Tuesday, October 7, 2008

The Orient Express

Yes, the hotel management company, Orient-Express Hotels Ltd., is the company that operates the famous tourist train, the Venice Simplon Orient Express.

More germane to my concerns in this blog, though, the company has an annual meeting scheduled for Friday, Oct. 10.

Two hedge fund shareholders, DE Shaw and CR Intrinsic Investors, have offered a proposal that would dismantle the dual-class structure of the company.

RiskMetrics, known until recently as ISS, has supported that proposal. Its report on this particular dispute reads in relevant part: "Irrespective of whether the current structure would be deemed legal or not, the proponents have made a strong case with regards to how the elimination of Class B shares would benefit the company in terms of good governance, which may in turn have a positive effect on the firm's value. The company, on the other hand, has not sufficiently justified how the current share structure benefits Class A shareholders."

Glass Lewis, on the other hand, supports management. Its report: "We suspect that most shareholders both understand and accept the nature and extent of Orient-Express Holdings 1 Ltd's control over the Company and the composition of its Board, particularly since this structure has been in place for a considerable period of time."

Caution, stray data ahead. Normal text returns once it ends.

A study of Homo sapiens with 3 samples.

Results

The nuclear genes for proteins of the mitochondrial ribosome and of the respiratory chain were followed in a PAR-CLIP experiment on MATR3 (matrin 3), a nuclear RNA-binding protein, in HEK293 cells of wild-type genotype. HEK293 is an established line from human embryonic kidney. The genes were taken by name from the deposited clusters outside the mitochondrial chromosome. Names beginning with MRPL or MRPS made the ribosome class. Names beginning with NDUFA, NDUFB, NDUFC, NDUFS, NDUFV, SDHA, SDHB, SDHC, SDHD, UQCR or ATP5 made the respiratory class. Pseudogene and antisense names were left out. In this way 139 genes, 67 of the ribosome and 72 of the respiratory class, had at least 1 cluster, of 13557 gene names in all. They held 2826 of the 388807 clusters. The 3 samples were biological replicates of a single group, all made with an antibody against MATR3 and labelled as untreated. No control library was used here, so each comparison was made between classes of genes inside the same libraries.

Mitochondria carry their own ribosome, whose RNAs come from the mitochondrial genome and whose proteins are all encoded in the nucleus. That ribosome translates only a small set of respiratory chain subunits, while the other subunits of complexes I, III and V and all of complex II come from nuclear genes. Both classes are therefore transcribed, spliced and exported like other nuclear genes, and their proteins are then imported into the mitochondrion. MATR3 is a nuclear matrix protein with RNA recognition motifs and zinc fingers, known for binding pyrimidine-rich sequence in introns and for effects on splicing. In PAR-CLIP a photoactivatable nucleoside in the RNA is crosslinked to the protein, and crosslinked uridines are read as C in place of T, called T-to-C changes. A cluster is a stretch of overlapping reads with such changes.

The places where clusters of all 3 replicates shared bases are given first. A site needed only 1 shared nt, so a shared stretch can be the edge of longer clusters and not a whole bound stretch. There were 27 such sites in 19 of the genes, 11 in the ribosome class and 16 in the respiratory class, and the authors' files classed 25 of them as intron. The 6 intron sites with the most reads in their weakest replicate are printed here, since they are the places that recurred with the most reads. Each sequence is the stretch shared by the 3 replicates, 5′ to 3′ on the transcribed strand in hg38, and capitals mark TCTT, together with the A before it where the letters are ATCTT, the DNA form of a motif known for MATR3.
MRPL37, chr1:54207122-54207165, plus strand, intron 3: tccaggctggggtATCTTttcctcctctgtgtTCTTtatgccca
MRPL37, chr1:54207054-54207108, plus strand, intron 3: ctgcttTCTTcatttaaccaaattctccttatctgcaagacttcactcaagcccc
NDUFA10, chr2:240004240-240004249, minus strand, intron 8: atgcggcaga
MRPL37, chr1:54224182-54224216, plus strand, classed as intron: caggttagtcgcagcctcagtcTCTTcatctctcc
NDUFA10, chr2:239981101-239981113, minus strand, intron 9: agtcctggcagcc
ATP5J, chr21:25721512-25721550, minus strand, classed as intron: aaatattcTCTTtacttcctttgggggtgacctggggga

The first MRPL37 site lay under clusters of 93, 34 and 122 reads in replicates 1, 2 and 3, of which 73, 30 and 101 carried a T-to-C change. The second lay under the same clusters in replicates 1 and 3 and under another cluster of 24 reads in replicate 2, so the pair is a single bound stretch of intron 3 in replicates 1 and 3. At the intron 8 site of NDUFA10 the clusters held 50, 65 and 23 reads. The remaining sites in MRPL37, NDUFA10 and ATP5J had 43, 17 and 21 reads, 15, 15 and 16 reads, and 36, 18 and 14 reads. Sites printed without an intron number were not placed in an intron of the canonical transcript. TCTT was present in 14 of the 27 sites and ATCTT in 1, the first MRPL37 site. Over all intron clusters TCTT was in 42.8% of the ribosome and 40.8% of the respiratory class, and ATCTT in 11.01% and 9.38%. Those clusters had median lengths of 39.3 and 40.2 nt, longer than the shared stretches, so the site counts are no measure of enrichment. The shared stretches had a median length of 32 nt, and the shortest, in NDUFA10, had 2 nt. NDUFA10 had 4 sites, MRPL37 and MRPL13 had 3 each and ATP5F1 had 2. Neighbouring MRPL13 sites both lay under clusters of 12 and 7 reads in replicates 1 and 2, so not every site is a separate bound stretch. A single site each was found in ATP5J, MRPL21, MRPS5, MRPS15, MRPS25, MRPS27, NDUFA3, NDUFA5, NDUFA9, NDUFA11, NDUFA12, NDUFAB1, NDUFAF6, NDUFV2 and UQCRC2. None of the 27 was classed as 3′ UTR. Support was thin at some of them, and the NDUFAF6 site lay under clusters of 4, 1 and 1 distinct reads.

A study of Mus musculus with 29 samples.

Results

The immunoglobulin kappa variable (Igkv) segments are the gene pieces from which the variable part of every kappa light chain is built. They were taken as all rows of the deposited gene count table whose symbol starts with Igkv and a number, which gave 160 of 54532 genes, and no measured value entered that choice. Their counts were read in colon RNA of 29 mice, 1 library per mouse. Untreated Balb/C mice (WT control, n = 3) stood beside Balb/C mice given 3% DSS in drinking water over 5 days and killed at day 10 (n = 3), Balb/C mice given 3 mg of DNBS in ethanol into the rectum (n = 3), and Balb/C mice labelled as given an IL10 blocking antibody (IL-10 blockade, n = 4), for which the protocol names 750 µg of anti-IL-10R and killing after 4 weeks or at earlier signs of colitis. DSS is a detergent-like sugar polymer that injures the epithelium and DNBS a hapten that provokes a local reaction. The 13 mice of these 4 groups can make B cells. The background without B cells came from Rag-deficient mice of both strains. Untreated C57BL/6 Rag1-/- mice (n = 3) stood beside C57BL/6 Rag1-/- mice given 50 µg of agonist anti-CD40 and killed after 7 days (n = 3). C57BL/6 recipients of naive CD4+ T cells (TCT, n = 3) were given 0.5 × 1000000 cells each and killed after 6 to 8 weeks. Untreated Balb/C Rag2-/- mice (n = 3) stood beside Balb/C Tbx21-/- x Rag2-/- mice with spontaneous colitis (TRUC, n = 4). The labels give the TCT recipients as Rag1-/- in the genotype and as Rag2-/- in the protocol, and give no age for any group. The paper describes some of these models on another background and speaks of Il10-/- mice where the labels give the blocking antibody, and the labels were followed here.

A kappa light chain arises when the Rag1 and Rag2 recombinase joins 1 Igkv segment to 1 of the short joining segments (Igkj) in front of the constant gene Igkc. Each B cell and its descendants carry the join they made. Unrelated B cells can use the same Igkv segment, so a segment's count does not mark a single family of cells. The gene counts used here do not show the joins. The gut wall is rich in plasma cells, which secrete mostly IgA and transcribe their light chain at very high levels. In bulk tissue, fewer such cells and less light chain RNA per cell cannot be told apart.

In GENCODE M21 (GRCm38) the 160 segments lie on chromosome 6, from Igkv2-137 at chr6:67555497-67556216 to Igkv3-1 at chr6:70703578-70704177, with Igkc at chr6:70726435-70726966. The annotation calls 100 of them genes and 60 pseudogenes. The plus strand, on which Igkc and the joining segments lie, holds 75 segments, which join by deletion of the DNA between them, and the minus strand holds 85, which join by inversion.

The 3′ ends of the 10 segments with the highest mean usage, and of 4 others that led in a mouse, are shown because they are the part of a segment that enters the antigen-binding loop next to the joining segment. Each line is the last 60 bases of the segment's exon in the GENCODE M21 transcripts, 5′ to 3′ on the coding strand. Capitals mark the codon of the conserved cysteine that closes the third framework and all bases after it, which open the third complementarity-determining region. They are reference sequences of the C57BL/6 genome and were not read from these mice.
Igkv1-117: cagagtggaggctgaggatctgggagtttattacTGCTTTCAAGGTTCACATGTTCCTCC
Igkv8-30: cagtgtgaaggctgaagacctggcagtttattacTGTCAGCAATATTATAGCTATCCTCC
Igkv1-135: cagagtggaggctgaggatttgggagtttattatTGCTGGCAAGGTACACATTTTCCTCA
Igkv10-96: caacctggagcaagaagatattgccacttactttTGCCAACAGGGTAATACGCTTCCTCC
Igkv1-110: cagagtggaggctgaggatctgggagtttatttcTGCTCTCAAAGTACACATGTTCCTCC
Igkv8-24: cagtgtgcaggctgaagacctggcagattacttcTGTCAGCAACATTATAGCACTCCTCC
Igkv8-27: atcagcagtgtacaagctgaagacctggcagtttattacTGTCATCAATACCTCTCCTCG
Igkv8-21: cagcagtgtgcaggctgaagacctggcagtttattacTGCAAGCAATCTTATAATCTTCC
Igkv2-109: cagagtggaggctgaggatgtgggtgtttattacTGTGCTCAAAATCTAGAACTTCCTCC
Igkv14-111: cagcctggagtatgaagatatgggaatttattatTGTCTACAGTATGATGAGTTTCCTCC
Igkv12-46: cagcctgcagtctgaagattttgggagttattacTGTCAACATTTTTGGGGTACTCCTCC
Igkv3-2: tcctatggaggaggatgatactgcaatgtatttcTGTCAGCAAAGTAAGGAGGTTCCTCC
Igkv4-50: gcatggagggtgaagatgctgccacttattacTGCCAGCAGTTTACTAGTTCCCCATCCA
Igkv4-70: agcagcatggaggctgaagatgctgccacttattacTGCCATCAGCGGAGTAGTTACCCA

The company trades on the NYSE with the ticker symbol OEH. Its value is now at only one-third what it was a year ago.

Yes, everybody has had a bad year. But not that bad. The Dow Jones Industrial Average, for example, is at about 75% of where it was a year ago.

Yet the tourist industry is notoriously fickle, since it represents the first item many families cut when they start worrying about jobs, security, etc.

The question for shareholders asked to choose sides is: does the corporate governance issue that the activists have raised spill into performance, and thus into stock price? If not, why should I care about the abstract rightness of a dual stock structure?